More than 19 million Americans receive their health insurance through Medicare Advantage plans offered by private insurance companies – a program aimed at increasing choice and flexibility.
But those plans don’t have enough flexibility to customize a key factor for the people they serve: how much they have to pay out of their own pockets when they see a doctor, fill a prescription or have a procedure.
And that gets in the way of truly getting the most value out of the federal Medicare dollars that pay for their care.
That was the message that Mark Fendrick, M.D., brought to Congress on June 7, as he testified before the Health subcommittee of the U.S. House Ways and Means Committee.
“The typical Medicare beneficiary does not worry about the total amount that the U.S. spends on health care, but they do care deeply about what it costs them,” said Fendrick in his prepared written testimony. And for 1 in 4 of all Medicare beneficiaries, health costs took up one-fifth of their entire income in 2016.
Fendrick, who co-directs the U-M Center for Value-Based Insurance Design, described to the House members the need for new policies that would allow Medicare Advantage plans to charge less for the services that individual patients need the most, based on the chronic conditions and risk factors they have.
Fendrick called for Congress to change the “one size fits all” system for co-pays and other cost sharing, to allow for what he called “clinical nuance.” Just as Congress has worked to incentivize plans and providers to provide evidence-based care, so to should patients be incentivized through lower cost to seek the services that will benefit them most based on their individual diagnoses.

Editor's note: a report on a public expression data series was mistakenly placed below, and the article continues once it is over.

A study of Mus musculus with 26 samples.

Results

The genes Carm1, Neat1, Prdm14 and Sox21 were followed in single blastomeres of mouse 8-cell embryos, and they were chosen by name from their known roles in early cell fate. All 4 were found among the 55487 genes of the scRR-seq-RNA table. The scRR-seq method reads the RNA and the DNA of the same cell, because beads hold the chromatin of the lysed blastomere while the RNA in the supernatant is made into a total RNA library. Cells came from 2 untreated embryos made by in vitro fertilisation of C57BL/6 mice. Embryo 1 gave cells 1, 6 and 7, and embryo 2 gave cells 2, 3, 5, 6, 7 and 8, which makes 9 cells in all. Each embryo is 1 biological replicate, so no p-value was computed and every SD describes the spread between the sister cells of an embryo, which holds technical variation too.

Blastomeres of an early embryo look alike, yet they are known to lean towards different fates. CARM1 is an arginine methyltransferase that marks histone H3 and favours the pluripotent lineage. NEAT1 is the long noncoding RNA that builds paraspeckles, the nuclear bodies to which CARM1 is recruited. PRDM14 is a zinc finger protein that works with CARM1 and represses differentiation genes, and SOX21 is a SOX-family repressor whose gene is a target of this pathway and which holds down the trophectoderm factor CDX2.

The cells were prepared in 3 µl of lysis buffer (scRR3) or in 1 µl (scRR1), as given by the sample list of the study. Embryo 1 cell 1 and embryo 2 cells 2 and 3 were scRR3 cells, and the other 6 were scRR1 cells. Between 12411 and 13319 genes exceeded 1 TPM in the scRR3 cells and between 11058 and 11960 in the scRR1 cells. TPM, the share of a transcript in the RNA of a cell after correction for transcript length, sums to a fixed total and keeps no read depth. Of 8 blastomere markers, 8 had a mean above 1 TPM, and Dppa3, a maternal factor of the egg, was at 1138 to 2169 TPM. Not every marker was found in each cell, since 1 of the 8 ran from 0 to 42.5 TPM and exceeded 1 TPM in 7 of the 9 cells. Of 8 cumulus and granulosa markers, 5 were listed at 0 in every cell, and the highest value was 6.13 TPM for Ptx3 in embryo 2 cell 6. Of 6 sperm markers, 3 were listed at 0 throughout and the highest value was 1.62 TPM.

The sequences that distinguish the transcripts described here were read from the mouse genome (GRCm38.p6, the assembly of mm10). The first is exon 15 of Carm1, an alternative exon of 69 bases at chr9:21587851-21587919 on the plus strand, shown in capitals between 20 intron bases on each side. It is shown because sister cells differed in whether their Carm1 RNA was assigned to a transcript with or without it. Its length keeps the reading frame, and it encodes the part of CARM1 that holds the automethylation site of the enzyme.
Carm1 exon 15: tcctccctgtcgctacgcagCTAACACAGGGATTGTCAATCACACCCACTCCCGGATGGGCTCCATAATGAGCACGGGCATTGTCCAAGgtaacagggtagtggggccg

“The lack of robust consumer incentives to improve their own health, coupled with illness burden, intense medication needs, and high out-of-pocket costs, often lead to undesired clinical and financial outcomes,” he said.
In January, Medicare Advantage plans in seven states got permission to test a value-based insurance design for people with seven chronic conditions. Several plans have already begun doing so – and from early responses from seniors who have taken part in a Pennsylvania plan, it’s had a positive effect even in the first few months.
“This program is allowing me to access care again,” one patient with chronic obstructive pulmonary disease told his plan. Another with the same condition said “I feel good knowing I can afford a visit when I get sick.”
Fendrick told the Congressional subcommittee about two bills with bipartisan support – H.R. 1995 and S.870 – that have been introduced in both houses to allow for Medicare Advantage plans in all 50 states to try value-based design for cost sharing.
He also noted that in January 2018, the TRICARE health plan serving military servicemembers and their dependents will be able to offer value-based designs thanks to a pilot project approved last year. And commercial plans offering employer-sponsored insurance have also begun testing value-based designs.
To read the testimony and see the subcommittee hearing video, visit the VBID website.
Fendrick is a professor in the Medical School's Department of Internal Medicine and the School of Public Health's Department of Health Management and Policy.